The general negativity in the market feels frightening familiar to many producers who were around before the big run-up in prices a few years ago. This week, all the ag markets were lower with the exception of cotton and soybean oil. For a table showing where prices ended up and how deep the red ink was, click here.
The live cattle market, which lost more than $4 this week, and feeders, which lost $7.93, were due for a break and seems to have run out of gas, says Jerry Gulke of the Gulke Group. He notes that we’ve seen about a 50% drop in hog prices since last fall but retailers didn’t pass on cheaper pork to consumers. Now they are buying at lower prices for grilling features later. That may shift consumer demand to pork. “As we saw when corn came off about $7.50, once you turn demand, falls like a rock. It is is like trying to catch a knife," says. "Producers really have to lock in a margin.”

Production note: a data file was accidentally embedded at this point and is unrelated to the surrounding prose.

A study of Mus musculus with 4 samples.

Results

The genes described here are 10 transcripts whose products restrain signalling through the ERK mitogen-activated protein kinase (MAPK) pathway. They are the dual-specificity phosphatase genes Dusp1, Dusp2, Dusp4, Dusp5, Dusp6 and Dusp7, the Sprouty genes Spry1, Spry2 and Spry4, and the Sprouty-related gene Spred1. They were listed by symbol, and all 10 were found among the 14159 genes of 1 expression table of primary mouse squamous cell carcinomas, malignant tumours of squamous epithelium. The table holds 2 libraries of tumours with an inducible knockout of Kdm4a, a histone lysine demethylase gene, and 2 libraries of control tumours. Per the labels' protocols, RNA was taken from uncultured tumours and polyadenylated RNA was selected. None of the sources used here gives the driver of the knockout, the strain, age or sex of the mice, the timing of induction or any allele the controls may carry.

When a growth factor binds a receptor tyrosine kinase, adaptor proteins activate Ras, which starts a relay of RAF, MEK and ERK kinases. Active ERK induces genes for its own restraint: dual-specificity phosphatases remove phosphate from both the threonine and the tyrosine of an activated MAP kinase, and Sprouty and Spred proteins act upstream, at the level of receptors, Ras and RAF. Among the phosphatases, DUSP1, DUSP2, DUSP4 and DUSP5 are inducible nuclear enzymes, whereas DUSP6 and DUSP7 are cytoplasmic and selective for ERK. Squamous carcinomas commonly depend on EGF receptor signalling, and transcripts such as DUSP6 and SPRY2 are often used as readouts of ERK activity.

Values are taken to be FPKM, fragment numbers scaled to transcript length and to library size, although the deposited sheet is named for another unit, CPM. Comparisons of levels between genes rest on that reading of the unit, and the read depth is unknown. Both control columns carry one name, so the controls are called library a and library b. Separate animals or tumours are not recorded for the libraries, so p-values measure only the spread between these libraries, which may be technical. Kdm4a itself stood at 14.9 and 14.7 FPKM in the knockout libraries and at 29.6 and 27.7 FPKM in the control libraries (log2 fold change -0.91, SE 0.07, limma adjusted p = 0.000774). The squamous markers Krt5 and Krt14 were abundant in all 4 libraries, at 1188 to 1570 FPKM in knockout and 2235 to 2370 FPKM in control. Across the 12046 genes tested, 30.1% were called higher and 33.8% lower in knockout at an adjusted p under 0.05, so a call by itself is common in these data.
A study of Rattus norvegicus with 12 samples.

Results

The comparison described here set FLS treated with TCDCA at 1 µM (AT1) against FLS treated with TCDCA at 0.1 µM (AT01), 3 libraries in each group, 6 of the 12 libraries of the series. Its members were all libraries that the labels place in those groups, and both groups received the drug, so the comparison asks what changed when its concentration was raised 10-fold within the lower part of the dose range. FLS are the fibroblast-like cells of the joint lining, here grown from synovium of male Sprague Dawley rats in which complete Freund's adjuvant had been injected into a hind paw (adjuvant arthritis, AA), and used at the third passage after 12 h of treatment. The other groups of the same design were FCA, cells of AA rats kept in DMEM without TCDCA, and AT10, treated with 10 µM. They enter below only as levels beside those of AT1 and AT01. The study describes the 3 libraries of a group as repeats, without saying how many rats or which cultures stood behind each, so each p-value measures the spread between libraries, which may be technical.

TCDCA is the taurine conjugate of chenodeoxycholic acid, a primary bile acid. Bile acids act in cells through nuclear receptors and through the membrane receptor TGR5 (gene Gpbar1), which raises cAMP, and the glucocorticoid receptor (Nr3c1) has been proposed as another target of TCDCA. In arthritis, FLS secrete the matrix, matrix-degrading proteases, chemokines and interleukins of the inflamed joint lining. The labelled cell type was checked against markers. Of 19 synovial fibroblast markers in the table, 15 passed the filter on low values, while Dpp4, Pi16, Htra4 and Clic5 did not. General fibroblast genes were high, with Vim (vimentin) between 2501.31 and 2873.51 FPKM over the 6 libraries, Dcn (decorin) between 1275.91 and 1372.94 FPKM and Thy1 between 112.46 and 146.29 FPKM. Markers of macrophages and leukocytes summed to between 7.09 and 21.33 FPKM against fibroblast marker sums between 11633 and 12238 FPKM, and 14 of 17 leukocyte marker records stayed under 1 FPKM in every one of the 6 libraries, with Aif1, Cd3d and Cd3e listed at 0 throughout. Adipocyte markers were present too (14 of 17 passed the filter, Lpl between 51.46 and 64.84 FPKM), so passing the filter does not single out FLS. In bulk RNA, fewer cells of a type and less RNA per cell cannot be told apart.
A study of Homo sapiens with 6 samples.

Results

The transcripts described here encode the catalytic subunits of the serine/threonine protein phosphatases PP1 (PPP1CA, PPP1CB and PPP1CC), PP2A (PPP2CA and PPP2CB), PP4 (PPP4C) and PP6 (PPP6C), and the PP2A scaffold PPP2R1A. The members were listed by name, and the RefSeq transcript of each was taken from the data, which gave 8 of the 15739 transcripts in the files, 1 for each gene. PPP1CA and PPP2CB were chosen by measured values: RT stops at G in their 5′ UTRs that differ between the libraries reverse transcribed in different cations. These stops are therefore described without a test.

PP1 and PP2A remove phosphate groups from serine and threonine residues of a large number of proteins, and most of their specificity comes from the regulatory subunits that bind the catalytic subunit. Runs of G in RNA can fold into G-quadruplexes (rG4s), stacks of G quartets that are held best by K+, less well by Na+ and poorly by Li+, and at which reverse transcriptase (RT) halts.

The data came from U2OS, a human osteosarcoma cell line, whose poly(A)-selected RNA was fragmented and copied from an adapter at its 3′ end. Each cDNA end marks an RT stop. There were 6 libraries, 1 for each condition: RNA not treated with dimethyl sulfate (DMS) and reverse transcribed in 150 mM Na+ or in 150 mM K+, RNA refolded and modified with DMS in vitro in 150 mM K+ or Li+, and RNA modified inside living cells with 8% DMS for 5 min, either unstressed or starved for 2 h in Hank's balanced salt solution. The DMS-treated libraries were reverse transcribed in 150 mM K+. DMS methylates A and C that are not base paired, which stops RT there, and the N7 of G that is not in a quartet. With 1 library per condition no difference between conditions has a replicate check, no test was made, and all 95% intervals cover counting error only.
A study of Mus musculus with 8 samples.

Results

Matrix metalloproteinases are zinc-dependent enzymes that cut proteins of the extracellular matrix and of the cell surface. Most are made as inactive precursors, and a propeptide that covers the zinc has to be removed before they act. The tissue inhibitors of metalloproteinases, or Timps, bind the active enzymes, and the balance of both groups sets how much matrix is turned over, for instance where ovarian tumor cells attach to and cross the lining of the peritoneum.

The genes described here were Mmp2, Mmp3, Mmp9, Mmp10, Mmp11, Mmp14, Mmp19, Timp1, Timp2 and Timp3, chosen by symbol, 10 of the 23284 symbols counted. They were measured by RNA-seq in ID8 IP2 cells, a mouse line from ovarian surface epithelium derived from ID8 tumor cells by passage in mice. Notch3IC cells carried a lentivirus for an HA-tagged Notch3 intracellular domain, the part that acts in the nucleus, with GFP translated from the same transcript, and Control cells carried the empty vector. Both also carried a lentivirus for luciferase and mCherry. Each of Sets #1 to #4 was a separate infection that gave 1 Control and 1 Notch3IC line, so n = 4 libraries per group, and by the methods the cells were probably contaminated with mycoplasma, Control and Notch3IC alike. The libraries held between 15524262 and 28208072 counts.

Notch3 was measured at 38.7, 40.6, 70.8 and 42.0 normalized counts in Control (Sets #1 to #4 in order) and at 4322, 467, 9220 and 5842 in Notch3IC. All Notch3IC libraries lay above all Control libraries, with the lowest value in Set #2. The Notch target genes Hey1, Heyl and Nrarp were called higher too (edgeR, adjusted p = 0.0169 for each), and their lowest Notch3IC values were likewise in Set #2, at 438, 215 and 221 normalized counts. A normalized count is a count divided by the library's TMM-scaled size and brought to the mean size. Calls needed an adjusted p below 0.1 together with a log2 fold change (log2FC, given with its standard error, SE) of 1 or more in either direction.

Regarding crops, he adds, “The only good news is that with profit margins being squeezed, it might reduce acres a little. Old-crop soybeans closed the day and the week at their lowest price of 2015. Technically, that isn’t good.”
The dollar is our nemesis, Gulke says. It takes some time to have an effect but that now is kicking in. South America hasn’t hardly missed a beat. We’ve been hurt more than they have. If everyone has a reasonable crop this year, we're going to have to find a way to become least-cost producers. It’s not going to be easy. We’ll have more bumps in the road ahead of us. I’m surprised land prices haven't fallen more already but we'll get an update this summer and I think it will show they are."